Gaston Sanchez

Learning Objectives

  • Defining multiple targets
  • Get to know the all target
  • Write a Makefile with various targets

More than one target

So far we've been working with makefiles containing only one target:

target: dependencies ...
    commands
    ...

However, we can have multiple rules, each one with its own target:

target1: dependencies ...
    commands
    ...

target2: dependencies ...
    commands
    ...

Example

Consider any of the first two examples (e.g. 01-minimal/ or 02-various-dependencies/). In these examples, there's only one generated output file: output.html.

We can use pandoc to create files in other formats rather than just html. For example, here are three rules that take the same input file, but produce outputs in different formats (html, latex, reStructuredText)

# from markdown to html
output.html: input.md
    pandoc input.md -s -o output.html

# from markdown to latex
output.tex: input.md
    pandoc input.md -s -o output.tex

# from markdown to reStructuredText
output.txt: input.md
    pandoc input.md -t rst -s -o output.txt

If you open the command line and run make, Make will execute just the first target (this is the default behavior of Make).

To run a specific target, call the make command followed by the name of the target you want to be generated. So, if you want to create the latex file, here's how to call make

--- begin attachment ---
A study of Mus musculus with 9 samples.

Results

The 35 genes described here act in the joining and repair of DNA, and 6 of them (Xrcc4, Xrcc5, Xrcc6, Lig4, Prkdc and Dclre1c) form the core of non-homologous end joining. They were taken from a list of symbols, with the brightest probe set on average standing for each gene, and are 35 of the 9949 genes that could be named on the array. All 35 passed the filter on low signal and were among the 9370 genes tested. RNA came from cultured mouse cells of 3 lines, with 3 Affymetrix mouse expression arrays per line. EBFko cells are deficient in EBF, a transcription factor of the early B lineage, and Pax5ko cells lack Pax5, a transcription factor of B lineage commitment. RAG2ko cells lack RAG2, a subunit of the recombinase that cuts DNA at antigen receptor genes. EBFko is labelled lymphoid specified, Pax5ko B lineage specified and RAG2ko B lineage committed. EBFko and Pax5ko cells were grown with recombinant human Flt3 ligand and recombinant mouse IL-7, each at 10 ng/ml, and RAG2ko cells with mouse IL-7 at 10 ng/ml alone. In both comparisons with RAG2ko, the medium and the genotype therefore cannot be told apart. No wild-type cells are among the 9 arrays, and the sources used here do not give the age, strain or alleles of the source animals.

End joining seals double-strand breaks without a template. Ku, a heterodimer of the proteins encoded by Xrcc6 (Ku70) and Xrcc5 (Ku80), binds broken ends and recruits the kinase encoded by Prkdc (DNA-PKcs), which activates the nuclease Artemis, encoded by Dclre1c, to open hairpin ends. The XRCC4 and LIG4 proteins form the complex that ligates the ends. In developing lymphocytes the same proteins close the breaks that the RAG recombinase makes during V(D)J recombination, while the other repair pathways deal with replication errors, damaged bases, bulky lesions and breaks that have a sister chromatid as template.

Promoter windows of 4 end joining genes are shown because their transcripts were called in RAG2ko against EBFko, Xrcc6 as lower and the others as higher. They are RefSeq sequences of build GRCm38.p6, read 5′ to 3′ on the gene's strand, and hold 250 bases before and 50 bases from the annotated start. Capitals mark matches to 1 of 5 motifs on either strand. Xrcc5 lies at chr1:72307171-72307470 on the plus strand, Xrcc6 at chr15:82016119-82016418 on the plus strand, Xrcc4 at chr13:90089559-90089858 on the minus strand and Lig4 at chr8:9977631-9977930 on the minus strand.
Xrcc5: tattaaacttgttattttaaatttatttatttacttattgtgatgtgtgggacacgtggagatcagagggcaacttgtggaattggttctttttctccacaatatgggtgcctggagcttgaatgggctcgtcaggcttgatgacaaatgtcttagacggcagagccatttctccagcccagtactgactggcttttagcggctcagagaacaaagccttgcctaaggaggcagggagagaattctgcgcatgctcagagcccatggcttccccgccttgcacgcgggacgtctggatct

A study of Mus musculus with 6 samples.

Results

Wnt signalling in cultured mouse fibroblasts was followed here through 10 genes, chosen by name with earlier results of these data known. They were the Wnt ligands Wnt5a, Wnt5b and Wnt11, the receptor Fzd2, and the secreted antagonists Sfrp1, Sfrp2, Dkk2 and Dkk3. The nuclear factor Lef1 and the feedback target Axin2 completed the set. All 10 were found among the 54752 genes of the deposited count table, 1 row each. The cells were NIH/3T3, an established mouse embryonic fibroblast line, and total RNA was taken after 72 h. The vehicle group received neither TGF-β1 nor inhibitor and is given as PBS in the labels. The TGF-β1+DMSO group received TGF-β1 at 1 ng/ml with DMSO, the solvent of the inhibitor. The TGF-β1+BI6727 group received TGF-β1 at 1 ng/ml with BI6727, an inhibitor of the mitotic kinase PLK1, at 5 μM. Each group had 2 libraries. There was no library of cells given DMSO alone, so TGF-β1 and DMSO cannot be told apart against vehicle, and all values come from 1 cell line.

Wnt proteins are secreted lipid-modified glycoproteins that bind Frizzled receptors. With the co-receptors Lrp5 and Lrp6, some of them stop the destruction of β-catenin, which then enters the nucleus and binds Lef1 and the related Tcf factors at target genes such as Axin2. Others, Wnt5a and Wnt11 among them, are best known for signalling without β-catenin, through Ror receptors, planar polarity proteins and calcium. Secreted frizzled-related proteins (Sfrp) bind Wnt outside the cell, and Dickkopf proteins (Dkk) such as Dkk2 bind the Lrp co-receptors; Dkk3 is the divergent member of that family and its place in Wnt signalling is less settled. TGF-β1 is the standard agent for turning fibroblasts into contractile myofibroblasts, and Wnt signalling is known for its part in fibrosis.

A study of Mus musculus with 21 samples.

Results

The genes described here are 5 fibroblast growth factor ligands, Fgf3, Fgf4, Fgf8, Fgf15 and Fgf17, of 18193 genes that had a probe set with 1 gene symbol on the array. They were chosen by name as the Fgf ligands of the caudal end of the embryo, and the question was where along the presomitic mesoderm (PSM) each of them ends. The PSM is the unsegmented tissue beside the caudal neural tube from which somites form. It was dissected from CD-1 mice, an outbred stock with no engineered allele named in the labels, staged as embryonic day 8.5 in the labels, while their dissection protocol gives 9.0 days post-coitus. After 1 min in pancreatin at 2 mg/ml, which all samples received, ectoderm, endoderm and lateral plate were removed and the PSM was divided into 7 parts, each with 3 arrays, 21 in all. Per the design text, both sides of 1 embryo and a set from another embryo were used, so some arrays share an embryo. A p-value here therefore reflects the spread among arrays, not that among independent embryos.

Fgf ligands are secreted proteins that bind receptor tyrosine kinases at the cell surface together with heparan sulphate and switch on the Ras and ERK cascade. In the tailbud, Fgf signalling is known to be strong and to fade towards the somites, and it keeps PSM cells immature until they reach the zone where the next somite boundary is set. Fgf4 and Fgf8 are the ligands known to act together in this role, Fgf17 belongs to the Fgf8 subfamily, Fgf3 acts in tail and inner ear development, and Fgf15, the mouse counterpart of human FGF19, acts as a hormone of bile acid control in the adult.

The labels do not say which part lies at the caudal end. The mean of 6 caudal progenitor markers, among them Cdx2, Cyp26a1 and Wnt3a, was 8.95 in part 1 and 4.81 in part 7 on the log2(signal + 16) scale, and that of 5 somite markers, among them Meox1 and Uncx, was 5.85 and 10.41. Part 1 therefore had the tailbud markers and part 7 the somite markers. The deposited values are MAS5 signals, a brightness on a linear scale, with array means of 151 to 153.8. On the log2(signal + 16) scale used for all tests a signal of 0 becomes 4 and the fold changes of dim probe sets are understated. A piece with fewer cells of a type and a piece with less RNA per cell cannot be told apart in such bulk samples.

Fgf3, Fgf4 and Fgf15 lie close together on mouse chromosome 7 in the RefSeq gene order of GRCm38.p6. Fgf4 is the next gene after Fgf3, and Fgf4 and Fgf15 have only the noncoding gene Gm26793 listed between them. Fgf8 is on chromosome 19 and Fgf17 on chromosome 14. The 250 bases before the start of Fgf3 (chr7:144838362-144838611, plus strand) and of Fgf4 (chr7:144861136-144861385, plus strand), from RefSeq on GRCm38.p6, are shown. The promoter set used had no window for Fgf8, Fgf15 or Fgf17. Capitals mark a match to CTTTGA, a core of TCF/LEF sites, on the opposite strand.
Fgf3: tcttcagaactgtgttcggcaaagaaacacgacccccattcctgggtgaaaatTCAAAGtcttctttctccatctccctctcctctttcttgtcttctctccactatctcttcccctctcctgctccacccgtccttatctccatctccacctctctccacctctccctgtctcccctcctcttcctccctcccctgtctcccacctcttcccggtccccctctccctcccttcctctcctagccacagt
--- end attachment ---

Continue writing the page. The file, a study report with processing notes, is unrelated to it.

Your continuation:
make output.tex

If you want to generate the reStrcuturedText:

make output.txt

The all target

When you have several output files (like in the example above), sometimes you may want Make to execute them all without having to call make on each single output.

To tell Make to run several rules, you can use the all target. This is one of the special target names that Make recognizes and treats it in a very specific way.

Here's the content of a Makefile that includes an all: target as the first rule. Because the target all is the first target, calling make will execute this rule by default:

# all
all: output.html output.tex output.txt


# from markdown to html
output.html: input.md
    pandoc input.md -s -o output.html

# from markdown to latex
output.tex: input.md
    pandoc input.md -s -o output.tex

# from markdown to reStructuredText
output.txt: input.md
    pandoc input.md -t rst -s -o output.txt

Note that the target all has three dependencies (i.e. the output files), but has no associated command.

So how does Make know what to do with this rule? Well, Make takes the dependencies, and then look at the rest of targets to see if they are part of the all's dependencies.

all is one of the standard targets in Make, and most users use it to compile the entire program. When you use all, it should be the default target.